When President of Baseball Operations Theo Epstein took over the Chicago Cubs organization prior to the 2012 season, he urged Cubs fans to have patience during the rebuilding process. In year three of the Cubs overhaul, patience is starting to run thin. Fans have bought in to the rebuilding project of the team, understanding that the Cubs problems would not be solved overnight. However, after watching two of the worst seasons in Cubs history, fans would at least like something to give them hope for the future. The Cubs’ fans will not tolerate this kind of effort for much longer.
Once seen as a three year rebuilding project now seems like a five, six or seven year process. Most people turned a blind eye to the poor play at the major league level the past two years, hoping that the Cubs would turn things around in the near future. Two months into the 2014 season, the results are not much different, and fans are starting to get restless. Sitting eleven games under .500 with another fire sale at the trade deadline looming, the outlook on the rest of the season is not bright.
In 2013, the Cubs statistically had one of the worst offenses in baseball, and with much of the same roster this year the hitting woes continue. Obviously there has been positives for the Cubs this season, but they are hard to come by on the North Side. As all Cubs fans sit and wait to see when their highly touted prospects reach the major league level, fans can only hope that the Cubs will eventually compete for a championship. The fact of the matter is no one knows how many prospects, if any, will turn into difference makers in the big leagues and when.
As the trade deadline becomes closer and closer many rumors are swirling about which players will be leaving the North Side. Jeff Samardzija has been at the center of trade talks for over a year now, and a trade for him might actually come to fruition next month. Samardzija has pitched extremely well this year and he might be turning into the star that the Cubs hoped he would, but it seems almost certain his days in a Cubs uniform are numbered. Trading their ace for young prospects might be more beneficial in the long run, but it is proof that the Cubs are waving the white flag on competing anytime soon. Although his record is abysmal, wins and losses don’t show how dominate Samardzija has been, and he is the type of guy that a team can build a pitching staff around. However, he will turn 30 before next season, so by trading him it shows the Cubs do not think they will be competitive until he is out of his prime.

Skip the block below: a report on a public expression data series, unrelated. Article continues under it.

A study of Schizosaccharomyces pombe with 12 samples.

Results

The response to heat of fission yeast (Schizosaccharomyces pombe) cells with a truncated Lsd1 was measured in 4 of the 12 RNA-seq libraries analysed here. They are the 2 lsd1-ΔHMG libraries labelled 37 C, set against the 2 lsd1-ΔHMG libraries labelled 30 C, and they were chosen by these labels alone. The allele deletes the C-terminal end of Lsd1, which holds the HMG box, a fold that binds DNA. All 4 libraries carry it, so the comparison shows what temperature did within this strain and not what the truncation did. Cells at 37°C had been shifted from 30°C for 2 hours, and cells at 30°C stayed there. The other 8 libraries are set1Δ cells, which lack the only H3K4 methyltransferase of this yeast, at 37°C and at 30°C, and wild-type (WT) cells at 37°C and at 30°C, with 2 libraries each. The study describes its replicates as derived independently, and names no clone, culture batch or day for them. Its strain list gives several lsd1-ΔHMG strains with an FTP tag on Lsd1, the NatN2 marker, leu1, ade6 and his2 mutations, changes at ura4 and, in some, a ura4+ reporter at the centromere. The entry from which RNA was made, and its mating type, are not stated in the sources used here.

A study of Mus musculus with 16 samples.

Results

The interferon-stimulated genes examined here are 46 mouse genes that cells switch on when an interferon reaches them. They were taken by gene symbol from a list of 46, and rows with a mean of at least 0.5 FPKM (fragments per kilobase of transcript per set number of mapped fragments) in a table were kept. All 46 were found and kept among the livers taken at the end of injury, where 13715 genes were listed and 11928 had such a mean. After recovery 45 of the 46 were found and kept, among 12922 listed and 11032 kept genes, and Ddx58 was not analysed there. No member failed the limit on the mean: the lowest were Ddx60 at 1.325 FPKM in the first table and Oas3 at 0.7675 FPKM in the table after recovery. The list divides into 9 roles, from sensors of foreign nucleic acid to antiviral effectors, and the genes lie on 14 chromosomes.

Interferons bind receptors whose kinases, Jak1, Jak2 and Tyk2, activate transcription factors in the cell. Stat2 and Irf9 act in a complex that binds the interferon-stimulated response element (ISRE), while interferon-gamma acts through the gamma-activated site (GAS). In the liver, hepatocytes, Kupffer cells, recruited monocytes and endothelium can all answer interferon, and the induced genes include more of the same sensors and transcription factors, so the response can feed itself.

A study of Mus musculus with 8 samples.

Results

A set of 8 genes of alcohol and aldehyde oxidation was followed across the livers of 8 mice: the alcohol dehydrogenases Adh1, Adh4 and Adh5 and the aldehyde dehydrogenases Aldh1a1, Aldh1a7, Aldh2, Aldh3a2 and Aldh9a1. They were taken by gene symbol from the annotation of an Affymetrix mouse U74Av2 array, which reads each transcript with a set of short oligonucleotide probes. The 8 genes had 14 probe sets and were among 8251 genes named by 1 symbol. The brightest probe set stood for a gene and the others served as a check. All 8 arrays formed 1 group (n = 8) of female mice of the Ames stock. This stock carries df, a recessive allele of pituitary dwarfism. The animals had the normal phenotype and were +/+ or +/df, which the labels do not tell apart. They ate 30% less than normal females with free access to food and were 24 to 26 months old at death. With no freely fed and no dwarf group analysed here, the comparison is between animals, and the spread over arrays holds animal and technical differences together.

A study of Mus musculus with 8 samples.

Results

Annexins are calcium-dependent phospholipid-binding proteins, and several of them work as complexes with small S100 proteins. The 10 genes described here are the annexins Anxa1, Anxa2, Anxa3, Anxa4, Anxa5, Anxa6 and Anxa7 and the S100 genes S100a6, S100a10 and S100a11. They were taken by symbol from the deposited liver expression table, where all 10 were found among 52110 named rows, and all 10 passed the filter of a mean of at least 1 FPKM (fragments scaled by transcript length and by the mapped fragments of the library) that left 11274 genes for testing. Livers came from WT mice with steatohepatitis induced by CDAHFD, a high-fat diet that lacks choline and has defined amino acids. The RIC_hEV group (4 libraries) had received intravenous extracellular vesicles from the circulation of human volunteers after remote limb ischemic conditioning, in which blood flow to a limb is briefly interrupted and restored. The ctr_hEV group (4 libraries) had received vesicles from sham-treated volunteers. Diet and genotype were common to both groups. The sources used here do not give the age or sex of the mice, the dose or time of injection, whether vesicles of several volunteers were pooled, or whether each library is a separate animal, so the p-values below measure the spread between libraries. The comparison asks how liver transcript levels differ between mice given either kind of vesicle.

As a die hard Cubs fan it has been hard to watch games over the past few seasons. I would like to think that reinforcements are on the way, but until the Cubs prospects prove themselves at the major league level I won’t get my hopes up. Once promised to be around a three year project keeps getting longer and longer with every losing season. As long as their plan is working then I am alright with it taking a little longer than expected. However, we still have not seen hard core proof that the rebuilding process is working. With their poor play the Cubs have turned into the laughing stock of the MLB. Then again, a few short years ago the Blackhawks were ranked the worst franchise in sports, and we all know how that story turned out. Can lightning strike twice in Chicago? I guess we will have to wait and see.